Now seems like a good time to check in again with our good friends at Anheuser-Busch. Summer is a busy time for them and, anyway, their efforts to maintain market share using unscrupulous strategies and initiatives are drawing scrutiny and bad press.
AB launched aggressive discounting programs in supermarket chains over the Memorial Day weekend and beyond. In one scenario, customers buy an 18-pack of Bud/Bud Light and get a second at 50% off. In another, you buy two 12-packs and get a third for a penny.
Convenience stores in many areas are seeing similar deals targeting the holiday weekends of summer. You'll see 12-packs of Bud/Bud Light selling for $9.99 coinciding with Memorial Day (through June 6), Fourth of July and Labor Day weekends. 12-packs will sell for $10.99 the rest of the time, according to reports.
The discounting extends to AB craft/crafty product, brands like Goose IPA and Shock Top, in some markets. Buy two six-packs of these brands and get a third for free. These offers may or may not be linked to the various holiday weekends.
Naturally, AB says there's no summer price war. They're just trying to attain an appropriate "price mix." Sure thing. In fact, this kind of price cutting is pretty cutthroat and something only Anheuser-Busch could pull off thanks to production and distribution efficiencies.
How much will the discounting gambit help or hurt? Hard to say. The big idea is to hang onto Bud/Bud Light drinkers while at the same continuing to build the market penetration of their craft and crafty brands. The only brand in the AB premium family showing growth is Michelob Ultra, perhaps a sign that Millennials will go for light beer when they get fat.
By the way, it's worth noting that AB's craft acquisitions are up 40 percent for the year in IRI, outperforming the craft segment as a whole. Goose Island is a big part of that and a nice example of what you can do with a flaccid brand when you have a massive, nationwide distribution network. Elysian, Golden Road, Blue Point and Four Peaks and Breckenridge are all up.
As many who stop by here know, the AB distribution network is a topic of interest for the Department of Justice as it reviews the pending acquisition of SABMiller. Beyond the issue of wholly-owned branch distributors is an incentive program that appears to violate anti-trust laws.
You know how it works, right? AB-affiliated distributors, owned and independent, are financially incentivized to advertise and sell AB brands. Distributors that tow the company line by moving 98 percent of their sales in AB brands receive the bulk of their advertising budget back.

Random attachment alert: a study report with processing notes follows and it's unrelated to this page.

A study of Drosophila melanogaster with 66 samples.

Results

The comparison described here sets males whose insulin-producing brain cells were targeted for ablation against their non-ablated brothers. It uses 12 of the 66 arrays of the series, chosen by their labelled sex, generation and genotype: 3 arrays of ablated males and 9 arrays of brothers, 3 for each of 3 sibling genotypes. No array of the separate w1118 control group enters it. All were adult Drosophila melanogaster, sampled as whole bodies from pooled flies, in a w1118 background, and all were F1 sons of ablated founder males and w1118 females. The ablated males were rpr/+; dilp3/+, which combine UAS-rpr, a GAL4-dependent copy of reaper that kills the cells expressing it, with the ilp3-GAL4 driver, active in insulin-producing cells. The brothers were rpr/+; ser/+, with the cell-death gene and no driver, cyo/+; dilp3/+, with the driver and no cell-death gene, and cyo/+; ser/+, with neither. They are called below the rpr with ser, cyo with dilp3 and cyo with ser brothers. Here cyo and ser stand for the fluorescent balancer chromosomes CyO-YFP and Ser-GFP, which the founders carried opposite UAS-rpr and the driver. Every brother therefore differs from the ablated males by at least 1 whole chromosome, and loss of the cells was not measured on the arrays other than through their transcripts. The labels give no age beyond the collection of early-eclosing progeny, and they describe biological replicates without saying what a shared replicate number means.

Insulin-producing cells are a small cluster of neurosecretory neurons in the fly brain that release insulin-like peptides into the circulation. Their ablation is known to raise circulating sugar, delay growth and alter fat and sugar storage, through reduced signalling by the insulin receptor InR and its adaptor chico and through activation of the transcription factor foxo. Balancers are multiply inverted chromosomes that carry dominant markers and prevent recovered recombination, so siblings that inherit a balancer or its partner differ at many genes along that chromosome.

This practice, contrary to the stated position of AB suits, is almost certainly a violation of fair trade regulations because it is designed to thwart promotion of smaller craft brands. The DOJ is evidently talking to craft brewers and distributors to develop a full understanding of how AB's incentive program restricts market access and hurts small brewers.
Just as branch distributors should be considered illegal, so should anti-competitive incentive programs. We can only hope DOJ approval of the ABI/SABMiller merger is contingent on the resulting behemoth agreeing to meaningful rules on distributor ownership and incentive programs. Otherwise, this merger/acquisition is big trouble for craft brewers.
You are surely aware of the recent situation in Seattle, where the Washington State Liquor and Cannabis Board (WSLCB) is charging AB with exercising exclusivity arrangements at several concert venues. The violation carries a fine of $150,000 and a three-day suspension. The fine is pocket change to the behemoth. The suspension will never happen.
Investigators discovered two venues that sold only beer available through Anheuser-Busch distributors. That alone is not illegal and would not have triggered any action. Except a manager at one venue told investigators that the venue did, indeed, have an agreement to sell only products provided by an AB distributor. In Washington, as in most states, that arrangement is illegal.
In fact, anyone who has attended a concert or sporting event has probably been subjected to this kind of subterfuge. You know the fix is in when you walk around a stadium or concert hall searching for a decent beer and find nothing but swill. Only in recent times have we started to see a shift toward better beers in these situations and now only because consumers demand it.
We don't know how the Seattle case will turn out. Consistent with past behavior, AB denies that it did anything wrong and has the resources to make sure the case drags on for years, if necessary. My guess is they will eventually pay all or some portion of the fine without admitting guilt. And the cycle of forcing them to comply with legitimate laws will start anew.
It's going to be a long, hot summer.